It's difficult these days to find a bad word about usability. Usability is a buzz word and making a site more usable is all the rage. And rightfully so, because most sites really boast uncanny interfaces and require too much hassle to get what you want. Usability experts will spend hours of arguing and drawing just so we have to click only once instead of twice, without making it any more confusing.
Besides usability, there's a lesser known term. Usefulness. This indicates the actual worth a site has for its visitors, which is actually the thing we should strife for. It is generally believed that usability is the most straight-forward road to usefulness. Making things easier is after all a Good Thing ™, no doubt about that. And yet, there is something like making things too easy. When usability crosses that line, it can decrease the usefulness to a visitor. Allow me to explain.
I will start by setting up a little analogy, which will help to explain the problem. So imagine yourself sitting at a desk, having to work or study (or doing any other activity for that matter). Imagine yourself getting thirsty. Then imagine these two situations you could face:
- There are no drinks at all in your house. You have to go out to the supermarket to buy some drinks first.
- The fridge is filled, you just have to get to the kitchen to grab it.
The difference obviously lies in the amount of effort you have to put in to get the drinks.
worth vs effort
Is it worth the effort? It's a question we ask ourselves on a daily basis. Big things and little things, it's a question that controls our lives. When worth outweighs effort, we do things.
Looking at our analogy, we know that we'll get our drinks faster when the fridge is loaded with them. We might wait a little longer before we decide to go out to the supermarket, and some of us would rather dehydrate first. So that's were usability experts step in. They make sure there's always some juice in the fridge, so you don't have to go all the way to the supermarket. And if they're really good, they'll bring you the juice on a platter so you don't even have to stand up from behind your desk. That's how nice they can be.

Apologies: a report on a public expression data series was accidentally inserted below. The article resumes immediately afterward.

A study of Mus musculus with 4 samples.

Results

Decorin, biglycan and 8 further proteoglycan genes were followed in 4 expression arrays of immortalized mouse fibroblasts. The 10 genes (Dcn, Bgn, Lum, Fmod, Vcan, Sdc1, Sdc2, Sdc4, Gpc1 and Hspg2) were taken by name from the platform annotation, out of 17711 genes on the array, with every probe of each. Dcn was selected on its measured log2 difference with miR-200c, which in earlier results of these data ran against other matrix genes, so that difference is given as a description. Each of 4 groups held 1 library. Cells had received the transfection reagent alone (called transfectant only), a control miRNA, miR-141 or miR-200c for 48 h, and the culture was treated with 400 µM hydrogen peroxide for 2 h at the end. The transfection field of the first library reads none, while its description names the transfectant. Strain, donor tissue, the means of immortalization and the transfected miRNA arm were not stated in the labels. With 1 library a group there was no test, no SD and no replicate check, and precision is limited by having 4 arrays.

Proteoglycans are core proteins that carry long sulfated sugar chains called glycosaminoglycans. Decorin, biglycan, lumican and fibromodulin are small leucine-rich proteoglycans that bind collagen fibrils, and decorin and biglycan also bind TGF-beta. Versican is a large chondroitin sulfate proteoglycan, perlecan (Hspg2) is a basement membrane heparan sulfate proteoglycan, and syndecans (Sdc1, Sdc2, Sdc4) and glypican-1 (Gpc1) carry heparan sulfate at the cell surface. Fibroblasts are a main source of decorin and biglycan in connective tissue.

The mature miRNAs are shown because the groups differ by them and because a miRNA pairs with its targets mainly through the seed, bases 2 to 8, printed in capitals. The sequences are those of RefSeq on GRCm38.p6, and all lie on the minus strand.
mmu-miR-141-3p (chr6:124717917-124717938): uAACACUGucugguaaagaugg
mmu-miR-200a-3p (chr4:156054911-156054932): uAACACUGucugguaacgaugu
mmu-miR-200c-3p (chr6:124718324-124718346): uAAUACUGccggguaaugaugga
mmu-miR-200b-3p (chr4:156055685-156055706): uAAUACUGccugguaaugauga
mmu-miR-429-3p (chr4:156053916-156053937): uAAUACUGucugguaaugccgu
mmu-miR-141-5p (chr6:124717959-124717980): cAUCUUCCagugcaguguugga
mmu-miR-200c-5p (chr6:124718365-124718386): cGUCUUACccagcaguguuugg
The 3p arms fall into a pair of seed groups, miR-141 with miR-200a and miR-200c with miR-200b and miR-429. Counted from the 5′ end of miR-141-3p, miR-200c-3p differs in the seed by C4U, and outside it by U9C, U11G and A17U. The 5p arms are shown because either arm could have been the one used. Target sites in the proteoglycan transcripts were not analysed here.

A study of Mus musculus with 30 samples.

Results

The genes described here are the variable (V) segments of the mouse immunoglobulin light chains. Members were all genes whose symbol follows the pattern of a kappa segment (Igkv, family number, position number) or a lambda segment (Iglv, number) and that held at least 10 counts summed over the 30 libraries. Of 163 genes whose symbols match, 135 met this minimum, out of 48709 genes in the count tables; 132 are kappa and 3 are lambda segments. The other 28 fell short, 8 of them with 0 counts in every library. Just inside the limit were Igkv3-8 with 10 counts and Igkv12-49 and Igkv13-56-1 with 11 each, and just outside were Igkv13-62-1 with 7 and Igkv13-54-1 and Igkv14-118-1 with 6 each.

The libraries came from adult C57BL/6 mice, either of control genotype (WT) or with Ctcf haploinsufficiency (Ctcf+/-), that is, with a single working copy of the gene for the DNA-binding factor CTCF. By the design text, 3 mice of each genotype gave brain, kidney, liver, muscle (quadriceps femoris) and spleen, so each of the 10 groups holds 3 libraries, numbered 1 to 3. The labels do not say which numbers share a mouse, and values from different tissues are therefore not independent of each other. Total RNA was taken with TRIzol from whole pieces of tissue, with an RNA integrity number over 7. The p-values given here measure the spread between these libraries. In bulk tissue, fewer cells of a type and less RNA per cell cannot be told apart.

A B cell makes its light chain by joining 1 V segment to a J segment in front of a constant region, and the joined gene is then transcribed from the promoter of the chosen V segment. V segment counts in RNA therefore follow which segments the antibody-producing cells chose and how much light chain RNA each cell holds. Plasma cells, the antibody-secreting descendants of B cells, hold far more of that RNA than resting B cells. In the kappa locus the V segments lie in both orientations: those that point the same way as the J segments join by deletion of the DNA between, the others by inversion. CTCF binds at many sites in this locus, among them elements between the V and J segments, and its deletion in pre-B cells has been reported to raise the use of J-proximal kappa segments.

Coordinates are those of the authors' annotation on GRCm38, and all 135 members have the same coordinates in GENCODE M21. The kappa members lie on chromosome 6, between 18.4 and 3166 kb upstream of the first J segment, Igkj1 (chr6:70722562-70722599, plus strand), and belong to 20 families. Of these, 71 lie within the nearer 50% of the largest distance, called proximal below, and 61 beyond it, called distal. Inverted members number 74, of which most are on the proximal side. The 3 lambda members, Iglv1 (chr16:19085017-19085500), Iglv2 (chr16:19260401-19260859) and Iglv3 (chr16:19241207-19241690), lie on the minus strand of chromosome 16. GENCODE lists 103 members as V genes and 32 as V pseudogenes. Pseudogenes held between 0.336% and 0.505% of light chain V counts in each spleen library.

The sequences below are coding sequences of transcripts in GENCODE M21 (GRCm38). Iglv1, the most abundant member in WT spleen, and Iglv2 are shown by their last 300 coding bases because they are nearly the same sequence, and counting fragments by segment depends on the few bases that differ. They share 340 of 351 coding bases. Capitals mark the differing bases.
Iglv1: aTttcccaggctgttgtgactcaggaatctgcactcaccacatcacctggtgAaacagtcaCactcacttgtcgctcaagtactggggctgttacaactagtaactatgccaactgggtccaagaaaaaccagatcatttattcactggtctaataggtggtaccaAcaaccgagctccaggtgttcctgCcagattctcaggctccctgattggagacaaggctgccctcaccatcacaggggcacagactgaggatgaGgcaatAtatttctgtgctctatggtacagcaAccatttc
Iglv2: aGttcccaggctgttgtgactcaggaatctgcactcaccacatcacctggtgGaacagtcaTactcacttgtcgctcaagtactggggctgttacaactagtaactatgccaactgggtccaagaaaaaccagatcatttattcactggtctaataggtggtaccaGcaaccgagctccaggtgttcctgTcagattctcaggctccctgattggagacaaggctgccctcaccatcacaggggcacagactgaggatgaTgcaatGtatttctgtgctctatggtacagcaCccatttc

The job of a usability expert is to try and diminish the effort as much as possible, so visitors will have an easier time navigating a site, singing up, reacting to posts or buying stuff online. If the effort someone has to make is decreased, he'll be more inclined to act upon an impulse.
quantity vs quality
But this is where it gets tricky. We sometimes tend to forget that effort is nature's solution for quality control. And by reducing effort, we might transform quality into quantity. There are examples aplenty out there. To use our analogy again, if you have a bottle and glass on your desk, you can rest assured that traffic between your desk and the toilet will increase drastically in a small amount of time.
A good example from the web is posting comments on a blog/forum. Make it too hard and nobody will take the trouble to post. But make it too easy and people post whatever they think of without considering the value. The challenge is to make the posting procedure difficult enough to weed out the spammers and flamers, yet maintain the people that contribute valuable feedback.
Another good example are rss feeds. At one point, we've all clicked that link because we thought it might be interesting. One extra click to get it into our favorite rss tool and before we knew it we ended up with a pile of crappy rss feeds we never read because they were dull as can be. I know it happened to me.
quality is useful
The trick is to find the balance between effort, worth, quality and quantity. Making something that is easy enough to perform, without making it too easy and creating clutter for the visitor. Usability remains a good thing, but not to the point where the quality of the task drops below a certain level. In that sense, usability can be a lot like commercials, driving the users to perform a task without considering the actual value. It often leaves them with a lot of things they don't actually need.
I'll finish up with the solution I found to make my rss tool useful again. I simply store my rss feeds in folders by category, making it a little more work to add them to my feed program, but at the same time weeding out the feeds I'm not really interested in. The usability decreased a little, but the tool became a lot more useful to me.
This is far from a bash on usability, simply an attempt to make people aware of the goal they're striving for. Which is making a website that's useful for people. Not a website that's easy to use.